Yesterday I got a fascinating question that was beyond my scope of knowledge on tzitzit and tzitzit customs. A prospective customer in California was helping his daughter buy a tallit for her groom. The groom follows Benè Romì customs, but did not grow up in an observant home, therefore he did not have a traditional handed down to him. So the question was how do Bene Romi tie tzitzit? According to the Ashkenazi custom or the Sephardic custom.
It just so happens that I have a friend who is a talmid chacham who grew up in Italy (Florence/Firenze, I think). So I sent the question his way and received the following reply:
The minhag bene-romi is a particular minhag [i.e. a distinct set of customs], that was also the minhag of the Aruch and of Shibolei HaLeket, they use to tie the zizis like traditional Ashkenaz.
I passed his reply onto the father of the bride, and now they know which tzitzit option to select.
Benè Romì customs, practices and liturgy show similarities to both Sephardic and Ashkenazi customs and practices. Very similar is minhag Italiani, which is found in northern cities.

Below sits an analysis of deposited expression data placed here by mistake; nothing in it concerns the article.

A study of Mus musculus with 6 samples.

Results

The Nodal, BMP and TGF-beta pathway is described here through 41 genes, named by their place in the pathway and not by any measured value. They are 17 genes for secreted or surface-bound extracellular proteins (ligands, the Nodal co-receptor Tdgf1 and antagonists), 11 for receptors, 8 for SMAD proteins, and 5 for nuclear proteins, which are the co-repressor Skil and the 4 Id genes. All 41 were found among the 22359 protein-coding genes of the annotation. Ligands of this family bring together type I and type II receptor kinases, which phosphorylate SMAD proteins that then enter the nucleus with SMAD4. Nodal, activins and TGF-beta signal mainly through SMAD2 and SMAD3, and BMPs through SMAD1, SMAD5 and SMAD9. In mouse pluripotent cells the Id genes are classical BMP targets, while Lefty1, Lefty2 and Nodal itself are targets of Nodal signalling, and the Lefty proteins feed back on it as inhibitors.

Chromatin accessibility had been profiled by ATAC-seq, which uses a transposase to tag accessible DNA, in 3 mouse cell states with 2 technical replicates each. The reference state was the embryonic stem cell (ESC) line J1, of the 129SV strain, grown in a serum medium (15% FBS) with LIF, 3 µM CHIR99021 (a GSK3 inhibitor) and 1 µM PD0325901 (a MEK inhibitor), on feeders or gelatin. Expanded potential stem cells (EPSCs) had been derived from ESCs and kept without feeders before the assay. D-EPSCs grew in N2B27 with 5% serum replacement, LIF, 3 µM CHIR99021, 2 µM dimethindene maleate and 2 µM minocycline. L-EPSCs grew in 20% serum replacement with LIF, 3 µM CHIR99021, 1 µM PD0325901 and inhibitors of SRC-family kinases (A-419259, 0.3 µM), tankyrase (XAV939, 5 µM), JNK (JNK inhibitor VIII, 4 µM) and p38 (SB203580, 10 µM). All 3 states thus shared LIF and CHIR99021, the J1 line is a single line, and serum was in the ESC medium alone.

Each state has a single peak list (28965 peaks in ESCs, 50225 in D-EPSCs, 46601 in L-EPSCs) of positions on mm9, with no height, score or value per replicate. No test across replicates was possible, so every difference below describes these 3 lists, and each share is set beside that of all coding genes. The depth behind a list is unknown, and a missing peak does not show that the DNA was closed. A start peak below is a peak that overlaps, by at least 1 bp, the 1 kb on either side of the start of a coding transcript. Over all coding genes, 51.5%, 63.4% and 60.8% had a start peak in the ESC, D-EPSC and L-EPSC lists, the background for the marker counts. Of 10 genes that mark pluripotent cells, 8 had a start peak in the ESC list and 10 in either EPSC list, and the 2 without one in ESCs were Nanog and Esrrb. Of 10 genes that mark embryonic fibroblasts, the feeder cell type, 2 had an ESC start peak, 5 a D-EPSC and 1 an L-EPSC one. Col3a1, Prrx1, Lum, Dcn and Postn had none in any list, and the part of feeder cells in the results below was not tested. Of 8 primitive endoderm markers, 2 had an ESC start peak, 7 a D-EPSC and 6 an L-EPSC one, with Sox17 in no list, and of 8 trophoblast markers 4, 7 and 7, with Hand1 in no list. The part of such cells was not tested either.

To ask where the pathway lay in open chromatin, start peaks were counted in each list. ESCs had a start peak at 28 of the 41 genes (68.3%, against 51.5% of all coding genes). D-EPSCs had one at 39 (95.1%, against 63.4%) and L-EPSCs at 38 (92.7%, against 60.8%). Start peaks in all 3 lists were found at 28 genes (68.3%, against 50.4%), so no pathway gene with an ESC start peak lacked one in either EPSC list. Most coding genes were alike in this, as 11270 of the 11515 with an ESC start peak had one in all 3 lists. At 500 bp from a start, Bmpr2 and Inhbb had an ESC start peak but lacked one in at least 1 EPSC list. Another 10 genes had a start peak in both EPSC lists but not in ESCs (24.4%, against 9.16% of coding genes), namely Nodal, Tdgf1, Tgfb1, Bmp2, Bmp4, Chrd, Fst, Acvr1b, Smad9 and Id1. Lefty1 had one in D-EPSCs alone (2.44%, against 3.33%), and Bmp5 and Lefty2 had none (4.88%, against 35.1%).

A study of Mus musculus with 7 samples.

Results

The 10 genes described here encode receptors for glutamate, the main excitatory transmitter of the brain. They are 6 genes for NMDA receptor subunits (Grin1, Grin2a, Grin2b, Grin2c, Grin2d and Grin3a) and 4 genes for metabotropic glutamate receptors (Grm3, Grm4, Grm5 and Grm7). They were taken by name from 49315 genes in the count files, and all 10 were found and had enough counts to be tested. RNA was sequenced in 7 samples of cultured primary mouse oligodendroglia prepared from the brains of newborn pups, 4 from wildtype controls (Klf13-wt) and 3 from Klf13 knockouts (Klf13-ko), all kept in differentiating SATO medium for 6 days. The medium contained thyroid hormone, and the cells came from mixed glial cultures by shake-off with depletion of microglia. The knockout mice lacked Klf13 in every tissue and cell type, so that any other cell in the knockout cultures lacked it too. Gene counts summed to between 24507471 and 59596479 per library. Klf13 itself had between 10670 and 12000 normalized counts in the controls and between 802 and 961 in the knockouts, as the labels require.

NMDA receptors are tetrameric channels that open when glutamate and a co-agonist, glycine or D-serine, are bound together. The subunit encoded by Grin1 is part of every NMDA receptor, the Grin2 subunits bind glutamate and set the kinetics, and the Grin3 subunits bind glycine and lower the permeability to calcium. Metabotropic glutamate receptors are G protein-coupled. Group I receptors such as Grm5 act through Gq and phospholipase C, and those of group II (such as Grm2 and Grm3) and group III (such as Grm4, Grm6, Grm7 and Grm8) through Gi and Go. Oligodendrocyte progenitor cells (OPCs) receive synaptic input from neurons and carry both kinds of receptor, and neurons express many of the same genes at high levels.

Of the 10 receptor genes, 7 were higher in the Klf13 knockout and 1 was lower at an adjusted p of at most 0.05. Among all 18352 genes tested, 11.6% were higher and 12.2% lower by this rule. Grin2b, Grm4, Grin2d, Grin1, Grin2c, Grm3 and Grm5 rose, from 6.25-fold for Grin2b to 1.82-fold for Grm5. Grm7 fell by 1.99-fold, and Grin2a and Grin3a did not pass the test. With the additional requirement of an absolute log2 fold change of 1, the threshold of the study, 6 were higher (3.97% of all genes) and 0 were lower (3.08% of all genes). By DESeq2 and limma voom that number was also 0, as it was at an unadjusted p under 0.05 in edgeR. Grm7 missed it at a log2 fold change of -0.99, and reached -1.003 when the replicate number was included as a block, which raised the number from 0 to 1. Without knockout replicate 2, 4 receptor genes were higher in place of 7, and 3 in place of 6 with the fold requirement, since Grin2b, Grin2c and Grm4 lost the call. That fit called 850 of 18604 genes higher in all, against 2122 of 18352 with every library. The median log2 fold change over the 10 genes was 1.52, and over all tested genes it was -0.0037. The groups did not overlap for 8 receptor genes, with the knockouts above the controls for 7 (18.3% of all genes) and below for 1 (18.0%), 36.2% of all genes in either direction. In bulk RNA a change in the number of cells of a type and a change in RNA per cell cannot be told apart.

In halachic matters, Italian-rite Jews generally adhere to the rulings of the Rif (Rabbi Isaac Alfasi) and the Shulchan Aruch, rather than the Ashkenazi customs codified by Rabbi Moses Isserles (the Rema).
According to some opinions, the Italian siddur retains the last remnants of the Judaean/Galilaean Jewish tradition, as opposed to the Babylonian tradition reflected in Sephardic and Ashkenazi rites.
Likewise some Italian traditions retain the Babylonian rite in an archaic form, comparable to the Yemenite nusach. As examples of old Babylonian traditions retained by only the Italians Wikipedia cites Keter Yitenu Lach in Kedushah and Nachamenu in Birkat Hamazon for Shabbos, both of which appear in the Amram Gaon siddur, and the latter is found in nusach HaGra.